Fuseworks Media
Fuseworks Media
Nick Smith
Nick Smith

Wellington, June 3 NZPA - The Government is looking to beef up its protection of New Zealand's exclusive economic zone (EEZ) in the wake of the Gulf of Mexico oil spill.

Environment Minister Nick Smith announced a new Environmental Protection Agency (EPA) today and said one of its functions would be to provide "world-best" protection for the EEZ, which takes in 4 million square km of sea surrounding New Zealand.

Work is being done by Environment and Economic Development ministries to strengthen the regulatory system in the EEZ that fall outside the jurisdiction of the Resource Management Act.

"We have got proposals on the table around new legislation for management of environmental effects on the EEZ," Dr Smith told reporters in Auckland after announcing at the Environmental Defence Society annual conference the setting up of the EPA.

"We just don't want to proceed with that legislation unless we are absolutely confident that it is going to provide world-best practices in dealing with the sort of risk we are seeing in the Gulf of Mexico."

His comments come just days after the signing of a major petroleum exploration permit over the Raukumara Basin off the North Island's East Cape.

It went to international Brazilian-based company Petrobras and covers an area of over 12,000 square kilometres. Concerns have been expressed by environmental groups over the risks of the project.

Dr Smith said today the Government did not know how good the best practices in New Zealand would be at handling a situation similar to the BP oil rig contamination, which is being called one of the world's biggest environment disasters.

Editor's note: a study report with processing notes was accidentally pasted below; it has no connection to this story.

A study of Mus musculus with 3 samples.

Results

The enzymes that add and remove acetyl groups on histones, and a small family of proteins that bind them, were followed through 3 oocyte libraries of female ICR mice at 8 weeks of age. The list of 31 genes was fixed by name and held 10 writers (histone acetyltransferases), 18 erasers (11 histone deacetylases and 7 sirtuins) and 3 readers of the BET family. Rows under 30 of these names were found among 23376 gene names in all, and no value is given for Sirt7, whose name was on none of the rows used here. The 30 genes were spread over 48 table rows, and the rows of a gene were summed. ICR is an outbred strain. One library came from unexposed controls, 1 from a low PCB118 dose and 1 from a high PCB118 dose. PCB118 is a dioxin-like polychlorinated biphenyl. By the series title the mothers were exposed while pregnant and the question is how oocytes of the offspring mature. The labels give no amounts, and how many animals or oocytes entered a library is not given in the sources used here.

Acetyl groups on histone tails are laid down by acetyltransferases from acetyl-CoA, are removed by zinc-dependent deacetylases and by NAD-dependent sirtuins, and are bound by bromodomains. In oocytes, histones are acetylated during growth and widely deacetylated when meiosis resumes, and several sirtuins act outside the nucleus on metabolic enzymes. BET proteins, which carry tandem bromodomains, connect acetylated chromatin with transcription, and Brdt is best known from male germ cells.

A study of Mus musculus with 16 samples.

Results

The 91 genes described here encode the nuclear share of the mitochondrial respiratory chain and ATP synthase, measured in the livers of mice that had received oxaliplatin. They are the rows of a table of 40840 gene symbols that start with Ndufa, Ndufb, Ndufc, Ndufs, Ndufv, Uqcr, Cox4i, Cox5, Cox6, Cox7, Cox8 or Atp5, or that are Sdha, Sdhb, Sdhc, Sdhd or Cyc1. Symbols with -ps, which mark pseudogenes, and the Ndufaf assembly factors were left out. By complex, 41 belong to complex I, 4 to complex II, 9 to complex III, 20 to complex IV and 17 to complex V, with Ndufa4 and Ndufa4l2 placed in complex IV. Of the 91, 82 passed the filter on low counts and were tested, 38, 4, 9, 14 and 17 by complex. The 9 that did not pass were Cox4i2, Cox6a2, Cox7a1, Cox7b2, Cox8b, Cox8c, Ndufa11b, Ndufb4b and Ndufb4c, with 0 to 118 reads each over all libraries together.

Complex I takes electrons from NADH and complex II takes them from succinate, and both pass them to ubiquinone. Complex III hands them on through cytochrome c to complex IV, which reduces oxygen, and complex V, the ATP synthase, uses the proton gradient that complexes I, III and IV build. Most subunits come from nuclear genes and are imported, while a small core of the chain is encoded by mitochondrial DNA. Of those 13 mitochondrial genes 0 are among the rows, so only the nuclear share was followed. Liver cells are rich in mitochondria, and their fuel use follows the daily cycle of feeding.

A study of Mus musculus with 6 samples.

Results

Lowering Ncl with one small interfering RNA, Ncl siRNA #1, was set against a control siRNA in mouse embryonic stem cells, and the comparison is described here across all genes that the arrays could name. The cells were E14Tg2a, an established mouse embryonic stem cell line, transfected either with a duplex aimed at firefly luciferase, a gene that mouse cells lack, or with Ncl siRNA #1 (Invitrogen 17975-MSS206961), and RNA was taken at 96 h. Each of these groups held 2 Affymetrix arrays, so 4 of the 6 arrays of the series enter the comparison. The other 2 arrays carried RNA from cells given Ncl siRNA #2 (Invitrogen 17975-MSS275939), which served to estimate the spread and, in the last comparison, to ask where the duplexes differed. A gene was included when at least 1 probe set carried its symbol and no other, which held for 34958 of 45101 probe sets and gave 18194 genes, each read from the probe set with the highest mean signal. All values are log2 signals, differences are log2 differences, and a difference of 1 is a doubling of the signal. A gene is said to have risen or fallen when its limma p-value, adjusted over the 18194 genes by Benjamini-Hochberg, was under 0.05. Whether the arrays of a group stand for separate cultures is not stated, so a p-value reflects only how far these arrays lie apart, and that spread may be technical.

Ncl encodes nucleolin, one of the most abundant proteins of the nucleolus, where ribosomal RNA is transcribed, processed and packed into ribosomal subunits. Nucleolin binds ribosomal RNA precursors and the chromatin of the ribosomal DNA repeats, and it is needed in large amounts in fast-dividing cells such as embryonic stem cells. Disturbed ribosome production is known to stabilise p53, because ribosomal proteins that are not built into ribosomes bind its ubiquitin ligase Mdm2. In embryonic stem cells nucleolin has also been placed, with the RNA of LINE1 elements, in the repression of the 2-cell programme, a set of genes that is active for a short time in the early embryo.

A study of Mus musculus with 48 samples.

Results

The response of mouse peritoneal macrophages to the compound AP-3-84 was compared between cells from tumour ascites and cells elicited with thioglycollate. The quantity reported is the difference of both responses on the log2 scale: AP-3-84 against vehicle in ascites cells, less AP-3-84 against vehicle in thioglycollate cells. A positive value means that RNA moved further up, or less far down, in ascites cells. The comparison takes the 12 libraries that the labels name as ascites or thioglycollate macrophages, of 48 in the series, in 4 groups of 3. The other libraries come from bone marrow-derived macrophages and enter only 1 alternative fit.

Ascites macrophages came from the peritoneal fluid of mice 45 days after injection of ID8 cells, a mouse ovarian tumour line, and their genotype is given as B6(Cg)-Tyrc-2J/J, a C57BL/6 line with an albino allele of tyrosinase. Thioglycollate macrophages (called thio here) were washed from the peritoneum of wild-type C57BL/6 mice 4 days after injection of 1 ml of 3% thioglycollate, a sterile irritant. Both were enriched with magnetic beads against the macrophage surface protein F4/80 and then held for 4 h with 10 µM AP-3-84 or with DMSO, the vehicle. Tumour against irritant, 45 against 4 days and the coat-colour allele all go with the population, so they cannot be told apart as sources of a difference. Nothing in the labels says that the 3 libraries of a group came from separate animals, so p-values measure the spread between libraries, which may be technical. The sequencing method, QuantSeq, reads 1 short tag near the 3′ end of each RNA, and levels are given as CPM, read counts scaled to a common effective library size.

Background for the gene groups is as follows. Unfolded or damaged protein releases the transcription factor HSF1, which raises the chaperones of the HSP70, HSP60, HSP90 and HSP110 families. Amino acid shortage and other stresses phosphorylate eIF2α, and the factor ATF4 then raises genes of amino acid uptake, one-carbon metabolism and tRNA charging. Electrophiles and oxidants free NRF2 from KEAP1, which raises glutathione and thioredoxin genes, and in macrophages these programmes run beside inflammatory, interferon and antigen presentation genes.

"We don't know. It is my view that the lack of a proper environmental assessment process in the EEZ is a deficiency in New Zealand's environmental management and that is why we are going to proceed with regulations for environmental assessments."

He said when an economic power as large as the United States was struggling to manage a "global-scale environmental tragedy" such as the BP disaster, it rightly raised questions.

New Zealand had had a reasonably good safety record both environmentally and in occupational safety from the petroleum industry.

"But we want to be sure and that is why we have commissioned this additional work."

The independent report, on health, safety and environmental provisions around minerals activities such as deep sea drilling, should be ready next month, he said.

The Environmental Risk Management Authority (Erma) will be incorporated into the EPA and cease to exist as a separate agency.

The EPA will receive and process national consent applications. It will be a Crown entity, with its board accountable to the minister.

Dr Smith said it would help provide greater central government direction on the administration of the environment. It would also pick up administrative functions involved with the emission trading scheme.

The changes would enable the Ministry for the Environment to focus on policy, he said.

The annual operating costs of the EPA were estimated to be about $1m more as a result of being a separate authority to the ministry. A small transitional EPA was formed last year and its functions will be taken up the new body.

The budget allowed $16.8m for the national consents function of the EPA and the Government has estimated that existing environment funds of $26.2m would transferred to it next financial year.

Legislation will be introduced to Parliament later this year to implement Cabinet's decision this week on the EPA with an intended operational date of July 1 next year, Dr Smith said.